Navy workers deliver aid in the Philippines. DFID, CC BY

The UK government’s Department for International Development has been severely criticised by the Independent Commission for Aid Impact for its apparent failure to tackle corruption in the countries that benefit from its funding. But DfID does have fairly rigorous procedures in place to counter corruption – and is broadly results-focused.

Although this particular report has come under fire from aid experts there have been past grievances about corruption. Some argue that aid needs to be comprehensively redesigned and that spending decisions should be based on evidence rather than faith. What’s more, the notion that overseas aid (and aid workers) can be neutral, impartial and transparent may simply be a myth. Perhaps it’s time to stop pretending that they are and deliver aid ourselves directly, via the armed forces where necessary.

Aid as influence

Aid is often politicised and used as a tool for influence in foreign policy. As economist Paul Collier has noted, Western aid is often offered on the condition that Western values or democratic models are adopted by the recipient nation.

Overseas aid was more overtly politicised during the Cold War, when it became weaponised. In the long struggle with the USSR, the US in particular saw the need to back like-minded countries and allies in order to fend off Communist inroads.

This is also true of the global war on terror. American aid, for example, has been used as a non-military component of America’s irregular warfare strategy. In Afghanistan it has been used for stability operations, democratisation and battling the Taliban – winning hearts and minds for the Western vision. The American approach to aid overtly links security and perceived overseas threats to its provision.

When it comes to complicated missions such as supporting post-2001 Afghanistan, overseas aid often doesn’t operate in isolation from other aspects of foreign policy. A counterinsurgency campaign cannot depend on force of arms alone. In order to replace the Taliban, financial and technical aid was needed to support legitimate Afghan governance and disarmament.

With this in mind, and considering the finite resources available, it may be prudent to de-prioritise development aid which is independent of greater foreign policy and grand strategy.

And with the West in relative decline as countries such as Brazil, India and China rise, it may be argued that resources are generally better allocated to humanitarian capacity, rather than spending so much on development programmes. There have been questions as to why the UK has spent development money in India if it can afford its own space programme and about why aid money finds its way into the pockets of corrupt officials. Maybe these are legitimate complaints.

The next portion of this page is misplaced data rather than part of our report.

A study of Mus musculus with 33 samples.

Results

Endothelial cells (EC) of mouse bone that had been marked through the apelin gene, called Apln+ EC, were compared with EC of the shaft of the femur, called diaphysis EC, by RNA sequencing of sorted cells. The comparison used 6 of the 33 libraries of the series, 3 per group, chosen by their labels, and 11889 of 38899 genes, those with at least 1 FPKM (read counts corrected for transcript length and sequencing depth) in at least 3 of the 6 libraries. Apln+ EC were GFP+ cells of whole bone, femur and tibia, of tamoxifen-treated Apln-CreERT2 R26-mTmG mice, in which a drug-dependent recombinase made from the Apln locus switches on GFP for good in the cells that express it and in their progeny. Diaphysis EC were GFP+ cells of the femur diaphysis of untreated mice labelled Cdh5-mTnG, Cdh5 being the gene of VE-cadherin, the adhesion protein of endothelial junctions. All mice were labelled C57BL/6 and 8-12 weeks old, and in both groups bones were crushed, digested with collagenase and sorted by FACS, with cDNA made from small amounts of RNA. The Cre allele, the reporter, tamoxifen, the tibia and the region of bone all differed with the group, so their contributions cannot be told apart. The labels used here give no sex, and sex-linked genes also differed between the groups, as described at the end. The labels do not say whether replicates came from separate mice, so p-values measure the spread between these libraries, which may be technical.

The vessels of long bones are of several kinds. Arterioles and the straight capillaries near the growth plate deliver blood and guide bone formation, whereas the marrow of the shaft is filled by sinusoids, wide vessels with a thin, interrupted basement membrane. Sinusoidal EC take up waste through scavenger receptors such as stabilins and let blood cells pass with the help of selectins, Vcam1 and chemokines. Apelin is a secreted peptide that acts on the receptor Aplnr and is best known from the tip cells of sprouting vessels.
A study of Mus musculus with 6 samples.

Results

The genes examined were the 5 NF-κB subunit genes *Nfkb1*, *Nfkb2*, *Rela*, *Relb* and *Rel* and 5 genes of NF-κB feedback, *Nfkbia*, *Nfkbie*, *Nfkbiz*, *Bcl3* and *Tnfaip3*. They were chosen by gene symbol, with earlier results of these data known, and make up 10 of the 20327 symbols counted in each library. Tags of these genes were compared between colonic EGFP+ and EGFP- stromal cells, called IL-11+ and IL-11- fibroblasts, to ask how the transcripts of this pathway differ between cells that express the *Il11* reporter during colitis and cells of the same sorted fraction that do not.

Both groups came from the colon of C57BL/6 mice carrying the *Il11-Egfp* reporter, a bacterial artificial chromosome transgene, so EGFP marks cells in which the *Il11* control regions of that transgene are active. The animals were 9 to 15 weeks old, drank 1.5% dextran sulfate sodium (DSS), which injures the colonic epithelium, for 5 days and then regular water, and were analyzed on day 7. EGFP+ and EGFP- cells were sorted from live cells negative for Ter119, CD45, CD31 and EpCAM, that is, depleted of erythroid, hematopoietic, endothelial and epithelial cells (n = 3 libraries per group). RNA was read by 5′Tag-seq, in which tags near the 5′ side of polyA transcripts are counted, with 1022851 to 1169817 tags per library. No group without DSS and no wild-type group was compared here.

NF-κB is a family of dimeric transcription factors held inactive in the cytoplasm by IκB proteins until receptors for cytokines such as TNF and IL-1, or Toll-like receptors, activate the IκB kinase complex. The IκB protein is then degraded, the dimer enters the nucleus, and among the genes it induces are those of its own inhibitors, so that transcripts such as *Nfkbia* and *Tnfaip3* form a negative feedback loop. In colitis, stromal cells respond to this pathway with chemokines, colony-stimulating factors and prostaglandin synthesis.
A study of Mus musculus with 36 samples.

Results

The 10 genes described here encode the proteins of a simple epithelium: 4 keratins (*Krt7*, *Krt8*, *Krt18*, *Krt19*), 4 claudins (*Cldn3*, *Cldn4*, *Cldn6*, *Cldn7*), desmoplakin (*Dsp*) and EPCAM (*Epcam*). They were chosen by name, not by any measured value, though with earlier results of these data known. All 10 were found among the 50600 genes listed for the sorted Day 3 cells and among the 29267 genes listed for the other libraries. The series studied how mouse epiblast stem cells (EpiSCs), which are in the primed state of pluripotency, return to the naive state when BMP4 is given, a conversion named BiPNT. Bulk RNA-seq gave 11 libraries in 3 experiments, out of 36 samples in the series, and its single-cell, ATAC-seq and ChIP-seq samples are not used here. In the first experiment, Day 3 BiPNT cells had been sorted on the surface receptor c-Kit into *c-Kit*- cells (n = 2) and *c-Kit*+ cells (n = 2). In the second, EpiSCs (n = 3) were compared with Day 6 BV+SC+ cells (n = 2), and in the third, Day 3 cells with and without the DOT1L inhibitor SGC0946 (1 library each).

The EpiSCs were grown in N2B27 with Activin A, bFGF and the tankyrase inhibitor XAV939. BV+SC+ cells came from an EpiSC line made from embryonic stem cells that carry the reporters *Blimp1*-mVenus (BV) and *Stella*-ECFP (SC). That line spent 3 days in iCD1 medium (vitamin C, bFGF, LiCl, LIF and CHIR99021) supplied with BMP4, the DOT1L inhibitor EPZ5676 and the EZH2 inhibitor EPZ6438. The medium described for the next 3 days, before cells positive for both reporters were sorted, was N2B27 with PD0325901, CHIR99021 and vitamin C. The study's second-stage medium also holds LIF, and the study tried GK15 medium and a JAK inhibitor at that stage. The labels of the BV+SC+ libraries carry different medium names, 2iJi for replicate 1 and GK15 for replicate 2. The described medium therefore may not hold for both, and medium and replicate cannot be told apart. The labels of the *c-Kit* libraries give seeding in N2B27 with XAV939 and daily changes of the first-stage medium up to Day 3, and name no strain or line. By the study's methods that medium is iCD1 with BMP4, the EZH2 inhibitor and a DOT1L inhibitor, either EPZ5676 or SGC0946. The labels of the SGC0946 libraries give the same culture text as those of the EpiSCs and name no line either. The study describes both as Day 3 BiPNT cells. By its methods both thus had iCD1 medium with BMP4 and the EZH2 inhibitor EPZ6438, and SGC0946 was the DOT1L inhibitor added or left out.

Since it is often the armed forces that deliver humanitarian aid with the most success, there is an argument for allocating a significant portion of the aid budget to developing their ability to handle humanitarian operations. The navy needs ships and helicopters to transport aid and equipment, while army engineers need training to respond in a disaster.

This could not only make aid spending more effective but would also enable donors to avoid depending so much on potentially corrupt intermediaries. This fits with the idea of smart power – in which the hard power of the armed forces combines with the soft power of aid budgets to achieve worthwhile results.

The British response to the Ebola outbreak is an example of how such a technique can work. If armed forces are properly resourced, they can make a significant contribution to humanitarian operations. In this case, the navy has been bringing medical supplies to help doctors working on the ground in Sierra Leone. The navy launched a similar operation in the Philippines in 2013 to distribute aid to victims of typhoon Haiyan.

Overseas aid is rarely truly neutral or impartial in nature. It is a mode of influence within foreign policy, and British aid should be representative of British interests and intent. It is hard to see how allocating significant aid funds through third parties operating under the myth of the neutral aid worker can be best practice as a force for good.

This is not to say that European-derived obligations and contributions towards the likes of the European Development Fund should be ignored. But investing in the armed forces, and specifically naval capacity, for a global humanitarian (and military) reach and latent power may be a more prudent way to spend a finite aid budget. The alternative is to potentially squander money on frequently corrupt and ineffective long-term development projects.